Powerful and intriguing
- Honeyland review by PD
Directed by Ljubomir Stefanov and Tamara Kotevska, this film is a documentary about the life and labours of one Hatidze Muratova. Originally commissioned to make a video about conservation efforts in Macedonia, the filmmakers apparently spent three years with Hatidze, and as a result, the film is great at recording the rhythms and textures of rural life, the directors shaping their observations into a neorealist fable; an impossibly stirring tale of struggle, persistence and change.
Hatidze lives with her mother Nazife, who is bedridden and partly blind, a dog named Jackie, a few cats, and ... quite a few industrious bees. Hatidze’s methods are intimate and humane; she’s endowed with a loving touch that, seemingly, the bees and the other animals recognise. She speaks to them and sings to them, but, above all, she nurtures and nourishes them, telling the bees, “half for you, half for me”, treating the hives that she sustains on another rock wall, alongside her home, with familial care. And Hatidze isn’t entirely isolated from the rest of the world. Skopje is only a little more than 12 miles away, and she travels there, on foot and by train, to sell her honey. Because of its superior quality and her shrewdness, it fetches a good price. But just as we are settling into Hatidze’s company, appreciating the edges and contours of her personality and savouring the deep pleasure of her work, the pastoral calm is shattered by a family rumbling into the village in a noisy trailer that turns out to be the quietest thing about it. At first, Hatidze welcomes these neighbours - Turkish speakers like her, but the the sheer chaos that surrounds them conspire to disrupt Hatidze’s routines. From this point the film unfolds with a novelistic intricacy and tightly sprung dramatic mechanism, and we get caught up in its destructive power, its brewing enmities, and its overarching, tragic sense of the disturbance of cosmic order.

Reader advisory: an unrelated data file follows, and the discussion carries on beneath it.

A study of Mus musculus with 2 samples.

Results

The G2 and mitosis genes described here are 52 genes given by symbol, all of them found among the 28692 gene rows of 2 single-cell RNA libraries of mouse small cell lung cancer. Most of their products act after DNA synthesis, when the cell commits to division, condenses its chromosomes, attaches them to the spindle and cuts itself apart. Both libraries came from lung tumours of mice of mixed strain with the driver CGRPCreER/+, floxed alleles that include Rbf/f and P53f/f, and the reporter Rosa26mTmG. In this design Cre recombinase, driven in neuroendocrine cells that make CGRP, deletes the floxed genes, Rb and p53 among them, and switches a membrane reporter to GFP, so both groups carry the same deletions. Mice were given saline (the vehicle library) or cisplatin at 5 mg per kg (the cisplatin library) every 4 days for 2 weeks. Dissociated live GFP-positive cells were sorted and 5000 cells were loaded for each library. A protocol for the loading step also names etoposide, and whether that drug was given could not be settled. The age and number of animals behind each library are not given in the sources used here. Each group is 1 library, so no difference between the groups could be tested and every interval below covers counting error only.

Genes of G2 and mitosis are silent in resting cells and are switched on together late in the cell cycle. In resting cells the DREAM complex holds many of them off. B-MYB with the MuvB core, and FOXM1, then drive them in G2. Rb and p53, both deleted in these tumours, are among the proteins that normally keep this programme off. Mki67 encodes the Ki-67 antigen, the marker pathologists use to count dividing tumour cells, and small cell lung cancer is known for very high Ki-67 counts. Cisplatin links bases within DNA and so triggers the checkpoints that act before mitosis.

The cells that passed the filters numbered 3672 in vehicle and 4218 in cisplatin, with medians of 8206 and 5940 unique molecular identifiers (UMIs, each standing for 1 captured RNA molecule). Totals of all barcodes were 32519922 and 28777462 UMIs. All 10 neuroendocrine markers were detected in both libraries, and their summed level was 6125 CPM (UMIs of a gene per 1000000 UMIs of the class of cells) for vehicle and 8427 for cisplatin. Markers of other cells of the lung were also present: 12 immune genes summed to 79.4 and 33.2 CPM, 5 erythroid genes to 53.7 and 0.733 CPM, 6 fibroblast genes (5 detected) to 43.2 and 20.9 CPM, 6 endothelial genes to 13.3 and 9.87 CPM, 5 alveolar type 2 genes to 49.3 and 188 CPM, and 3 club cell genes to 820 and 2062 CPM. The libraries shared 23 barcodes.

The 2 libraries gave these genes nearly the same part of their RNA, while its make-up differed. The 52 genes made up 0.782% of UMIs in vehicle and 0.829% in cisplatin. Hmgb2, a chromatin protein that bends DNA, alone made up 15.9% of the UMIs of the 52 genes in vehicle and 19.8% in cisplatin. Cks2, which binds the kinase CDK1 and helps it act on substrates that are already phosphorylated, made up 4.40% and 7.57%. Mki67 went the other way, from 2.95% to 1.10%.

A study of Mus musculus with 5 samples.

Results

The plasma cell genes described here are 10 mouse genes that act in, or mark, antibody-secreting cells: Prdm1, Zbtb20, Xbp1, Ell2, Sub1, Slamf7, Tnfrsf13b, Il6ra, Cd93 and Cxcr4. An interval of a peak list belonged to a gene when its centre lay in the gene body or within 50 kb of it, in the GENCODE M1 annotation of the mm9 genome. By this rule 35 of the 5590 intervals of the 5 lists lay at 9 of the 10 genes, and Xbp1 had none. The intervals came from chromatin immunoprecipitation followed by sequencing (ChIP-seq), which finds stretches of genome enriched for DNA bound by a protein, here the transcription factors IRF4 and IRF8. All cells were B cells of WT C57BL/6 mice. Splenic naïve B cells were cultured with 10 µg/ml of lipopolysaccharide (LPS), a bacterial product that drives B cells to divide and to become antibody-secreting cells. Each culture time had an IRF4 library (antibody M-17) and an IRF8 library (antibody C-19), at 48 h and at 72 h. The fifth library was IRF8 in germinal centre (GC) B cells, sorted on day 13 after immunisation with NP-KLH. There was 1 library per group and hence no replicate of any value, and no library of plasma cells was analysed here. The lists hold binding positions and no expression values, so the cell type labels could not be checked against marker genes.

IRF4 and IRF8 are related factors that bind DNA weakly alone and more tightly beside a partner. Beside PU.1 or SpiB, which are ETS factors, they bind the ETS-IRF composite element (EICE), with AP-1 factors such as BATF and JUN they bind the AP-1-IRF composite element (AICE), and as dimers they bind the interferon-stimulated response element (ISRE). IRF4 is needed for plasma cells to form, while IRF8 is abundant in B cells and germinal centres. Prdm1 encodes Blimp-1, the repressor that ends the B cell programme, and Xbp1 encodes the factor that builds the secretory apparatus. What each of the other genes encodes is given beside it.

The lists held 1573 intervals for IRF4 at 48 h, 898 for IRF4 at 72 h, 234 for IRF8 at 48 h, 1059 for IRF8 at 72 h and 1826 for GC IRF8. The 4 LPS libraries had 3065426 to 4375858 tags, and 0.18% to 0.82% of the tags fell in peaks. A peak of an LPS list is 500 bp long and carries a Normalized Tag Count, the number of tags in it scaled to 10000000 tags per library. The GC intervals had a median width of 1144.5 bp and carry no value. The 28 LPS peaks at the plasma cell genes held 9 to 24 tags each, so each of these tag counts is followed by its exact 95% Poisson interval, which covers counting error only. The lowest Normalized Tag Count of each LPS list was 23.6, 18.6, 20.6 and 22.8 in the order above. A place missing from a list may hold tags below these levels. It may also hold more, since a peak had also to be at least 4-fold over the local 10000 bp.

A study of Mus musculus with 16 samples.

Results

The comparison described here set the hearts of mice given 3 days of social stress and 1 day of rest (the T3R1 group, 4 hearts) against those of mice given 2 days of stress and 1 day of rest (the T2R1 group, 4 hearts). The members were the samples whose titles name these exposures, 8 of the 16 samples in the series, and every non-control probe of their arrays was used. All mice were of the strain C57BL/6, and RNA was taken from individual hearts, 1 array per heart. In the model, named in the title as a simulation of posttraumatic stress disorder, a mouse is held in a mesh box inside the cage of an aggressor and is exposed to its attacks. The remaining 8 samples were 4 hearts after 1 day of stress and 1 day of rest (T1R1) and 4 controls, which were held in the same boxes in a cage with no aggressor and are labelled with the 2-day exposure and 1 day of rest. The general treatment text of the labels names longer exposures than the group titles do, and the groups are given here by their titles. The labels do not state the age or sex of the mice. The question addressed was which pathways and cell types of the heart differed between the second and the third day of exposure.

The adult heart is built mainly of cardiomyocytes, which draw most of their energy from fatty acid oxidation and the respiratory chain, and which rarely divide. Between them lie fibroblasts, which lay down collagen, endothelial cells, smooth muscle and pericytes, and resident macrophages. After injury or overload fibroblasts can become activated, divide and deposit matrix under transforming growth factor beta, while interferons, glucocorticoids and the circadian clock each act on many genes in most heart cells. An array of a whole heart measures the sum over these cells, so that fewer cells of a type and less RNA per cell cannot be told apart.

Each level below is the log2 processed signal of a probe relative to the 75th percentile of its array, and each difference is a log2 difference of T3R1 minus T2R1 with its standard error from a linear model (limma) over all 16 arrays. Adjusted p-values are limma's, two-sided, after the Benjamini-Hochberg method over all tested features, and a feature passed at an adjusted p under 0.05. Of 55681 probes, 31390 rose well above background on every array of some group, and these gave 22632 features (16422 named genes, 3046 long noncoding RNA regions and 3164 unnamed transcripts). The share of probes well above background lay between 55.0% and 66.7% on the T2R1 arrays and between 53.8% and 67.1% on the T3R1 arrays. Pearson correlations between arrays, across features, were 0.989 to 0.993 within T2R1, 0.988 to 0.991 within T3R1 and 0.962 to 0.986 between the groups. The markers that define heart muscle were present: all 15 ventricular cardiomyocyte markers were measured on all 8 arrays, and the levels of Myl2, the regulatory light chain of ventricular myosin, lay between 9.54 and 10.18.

Films of this kind inevitably raise questions - I found myself wondering what she thought of the filmmakers who were following her on this perilous mission—how she and they arranged the shooting, and what effect the filmmakers’ presence had on her. Solitude is one of the film’s prime subjects and also its dramatic mainspring, and its details and practicalities are merely hinted at, and rather unexplored. Much of the movie is filmed in the Muratova home; Hatidze displays the daily details of her domestic life and her labours to the filmmakers, who must have virtually lived with her for the time while they were filming. But the terms of their complicity, the relationship that they and Hatidze share, remain a somewhat frustrating blank. However, for all of this, this is powerful, intriguing work.
6 out of 6 members found this review helpful.
Restores faith in the medium of film
- Honeyland review by TE
Every so often a film comes along which defies conventional analysis. The 'docu-drama' genre is a good source of such films, and Honeyland is an outstanding example.
The review by PD contains a lot of helpful detail, and an important questioning. Ultimately the film succeeds on several levels, from the visually stunning cinematography to the allegorical message implicit in the despoiling of Hatidze's bee colony.
This is simply a magnificent example of the power of film to inform and to advocate.
3 out of 3 members found this review helpful.